The U.S. military blamed a renegade Shiite group Wednesday for a deadly car bombing in a Baghdad Shiite neighborhood and said it was seeking to re-ignite the sort of sectarian violence that swept the area 18 months ago. Iraqi officials said the death toll from the bombing rose to 63, including women and children.

The Iraqi government said the horrific attack on Tuesday, the deadliest in Baghdad in three months, would stiffen its resolve "to defeat the terrorists and to maintain the security achievements."

No group claimed responsibility for the blast, which occurred on a bustling commercial street in Hurriyah, scene of some of the bloodiest sectarian slaughter in 2006. That led to speculation Sunni extremists may have been behind the attack.

But U.S. spokesman Lt. Col. Steven Stover said the command did not believe Al Qaeda in Iraq was behind the attack based on the type of vehicle and explosives used.

Instead, he said the command believed the attack was carried out by a Shiite special group led by Haydar Mehdi Khadum al-Fawadi, whom Stover described as a "murderous thug" seeking to incite violence "for his individual profit and gain."

U.S. and Iraqi forces have been searching for al-Fawadi for months, and his photo is displayed on checkpoints in the area.

"We believe he ordered the attack to incite (Shiite) violence against Sunnis; that his intent was to disrupt Sunni resettlement in Hurriyah in order to maintain extortion of real estate rental income to support his nefarious activities," Stover said in an e-mail.

Several Iraqi police officials said the casualty toll stood at 63, with another 78 wounded. They spoke on condition of anonymity because they were not supposed to release the information. Stover gave a figure of 27 dead and 40 wounded.

The blast was the deadliest attack in Baghdad since March 6, when a pair of bombs detonated in the mostly Shiite district of Karradah, killing 68 people and wounding about 120.

The U.S. uses the term "special groups" to identify breakaway factions of the Mahdi Army, the biggest Shiite militia led by anti-American cleric Muqtada al-Sadr. The U.S. says special groups are backed by Iran, although Stover did not mention Iran in his statement.

He said the bomb was believed to have contained 200 to 300 pounds of an undetermined explosive. He also said a U.S. military team was attending a meeting about 150 yards away at the time of the blast.

The blast shattered the relative calm in the capital since a May 11 cease-fire ended seven weeks of fighting between U.S. and Iraqi forces and Shiite militants in the Sadr City district. Ironically, it came the same day the Iraqi parliament announced plans to move outside the U.S.-protected Green Zone — a show of confidence that the worst of Baghdad's violence was over.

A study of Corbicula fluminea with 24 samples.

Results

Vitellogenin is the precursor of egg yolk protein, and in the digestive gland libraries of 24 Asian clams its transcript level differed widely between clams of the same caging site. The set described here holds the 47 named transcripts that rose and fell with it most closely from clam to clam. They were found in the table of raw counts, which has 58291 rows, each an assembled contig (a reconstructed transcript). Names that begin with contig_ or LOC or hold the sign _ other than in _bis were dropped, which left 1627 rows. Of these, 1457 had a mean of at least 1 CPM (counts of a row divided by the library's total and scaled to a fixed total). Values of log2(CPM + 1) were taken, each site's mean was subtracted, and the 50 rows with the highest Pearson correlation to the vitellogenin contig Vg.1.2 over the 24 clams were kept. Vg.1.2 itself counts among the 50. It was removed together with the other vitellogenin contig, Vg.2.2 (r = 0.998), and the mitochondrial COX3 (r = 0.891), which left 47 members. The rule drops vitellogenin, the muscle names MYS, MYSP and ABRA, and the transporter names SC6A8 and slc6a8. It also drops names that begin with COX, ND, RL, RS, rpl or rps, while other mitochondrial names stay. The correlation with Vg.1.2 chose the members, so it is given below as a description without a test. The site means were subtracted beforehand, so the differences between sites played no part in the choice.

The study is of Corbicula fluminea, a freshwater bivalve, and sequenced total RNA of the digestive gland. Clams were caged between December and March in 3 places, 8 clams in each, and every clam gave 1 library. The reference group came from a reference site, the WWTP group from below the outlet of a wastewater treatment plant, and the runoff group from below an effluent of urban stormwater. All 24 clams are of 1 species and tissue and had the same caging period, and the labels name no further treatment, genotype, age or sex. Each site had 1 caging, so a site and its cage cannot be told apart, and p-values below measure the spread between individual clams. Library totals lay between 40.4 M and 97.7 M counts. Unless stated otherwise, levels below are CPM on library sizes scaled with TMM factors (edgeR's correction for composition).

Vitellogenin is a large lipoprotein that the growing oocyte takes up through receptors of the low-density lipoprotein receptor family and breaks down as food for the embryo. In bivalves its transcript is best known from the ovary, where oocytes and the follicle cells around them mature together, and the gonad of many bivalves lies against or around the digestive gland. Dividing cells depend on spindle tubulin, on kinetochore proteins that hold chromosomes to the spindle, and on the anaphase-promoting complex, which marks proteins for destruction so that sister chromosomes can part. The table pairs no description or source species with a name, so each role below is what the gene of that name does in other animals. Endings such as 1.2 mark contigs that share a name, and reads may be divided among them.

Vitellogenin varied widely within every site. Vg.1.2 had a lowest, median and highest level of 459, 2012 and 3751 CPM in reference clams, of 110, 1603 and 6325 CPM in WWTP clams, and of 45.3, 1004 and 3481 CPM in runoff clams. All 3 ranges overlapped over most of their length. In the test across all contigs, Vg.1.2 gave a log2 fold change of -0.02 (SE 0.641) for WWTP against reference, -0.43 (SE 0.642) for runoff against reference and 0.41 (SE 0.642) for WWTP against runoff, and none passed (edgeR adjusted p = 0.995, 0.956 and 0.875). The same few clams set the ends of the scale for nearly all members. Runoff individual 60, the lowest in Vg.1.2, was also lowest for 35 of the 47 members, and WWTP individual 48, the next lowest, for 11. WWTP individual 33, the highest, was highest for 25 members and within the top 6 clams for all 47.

In a statement, Prime Minister Nouri al-Maliki's Cabinet said the blast was aimed at raising the morale of extremist groups that have suffered setbacks in Baghdad, Basra and Mosul.

"This crime will not influence our determination and resolve to defeat the terrorists and to maintain the security achievements," the statement said. "Moreover, it will increase our resolve to save the capital and the provinces from terrorists, killers, and outlaws."

The U.S. Embassy and the U.S. military command issued a joint statement condemning the assault as barbaric and pledging to work with Iraqi security "to find those who perpetrated this horrific attack and help bring them to justice."

Iraqi officials have been eager to promote a sense of confidence among the war-weary Iraqi people after months of declining bloodshed in the capital.

Deputy parliamentary speaker Khalid al-Attiyah told lawmakers Tuesday that they will move from the convention center in the Green Zone to the Saddam Hussein-era National Assembly building for their next legislative term, which begins Sept. 1.

But residents of Hurriyah said security around their neighborhood on the west side of the Tigris River had increased in recent days, with new blast walls erected at the entrance to the area and more police and military checkpoints.

On buses Wednesday, Hurriyah commuters heading for work talked about the bombing and speculated what group may have been responsible. Some people said they thought Sunni militants from nearby Adil may have been to blame. Thousands of Sunnis fled Hurriyah for Adil during the height of the sectarian slaughter.

"I think that car bomb came from the Adil area," said Jaafar Ali, 33, a government employee. Ali predicted a mortar attack would be launched on Adil in retaliation, and said the explosion was "meant to raise tension between these two neighborhoods."

U.S. commanders have warned repeatedly that the relative peace in Baghdad is fragile because extremists, including Al Qaeda in Iraq and Shiite militant groups, remain capable of high-profile attacks.

The U.S. hopes security measures which have tamped down violence since last summer will be enough to prevent extremists from mounting a sustained campaign of bombings against civilians that could provoke a return to sectarian reprisal attacks.

Survivors complained that the army and police had failed to protect them.

"The blast occurred because there wasn't any security presence by the Iraqi army or police at the scene, not even any checkpoint," said Khalid Hassan, 40, who suffered shrapnel wounds and burns. "People were confused, upset and running in all directions. We are all victims of terrorism and carelessness."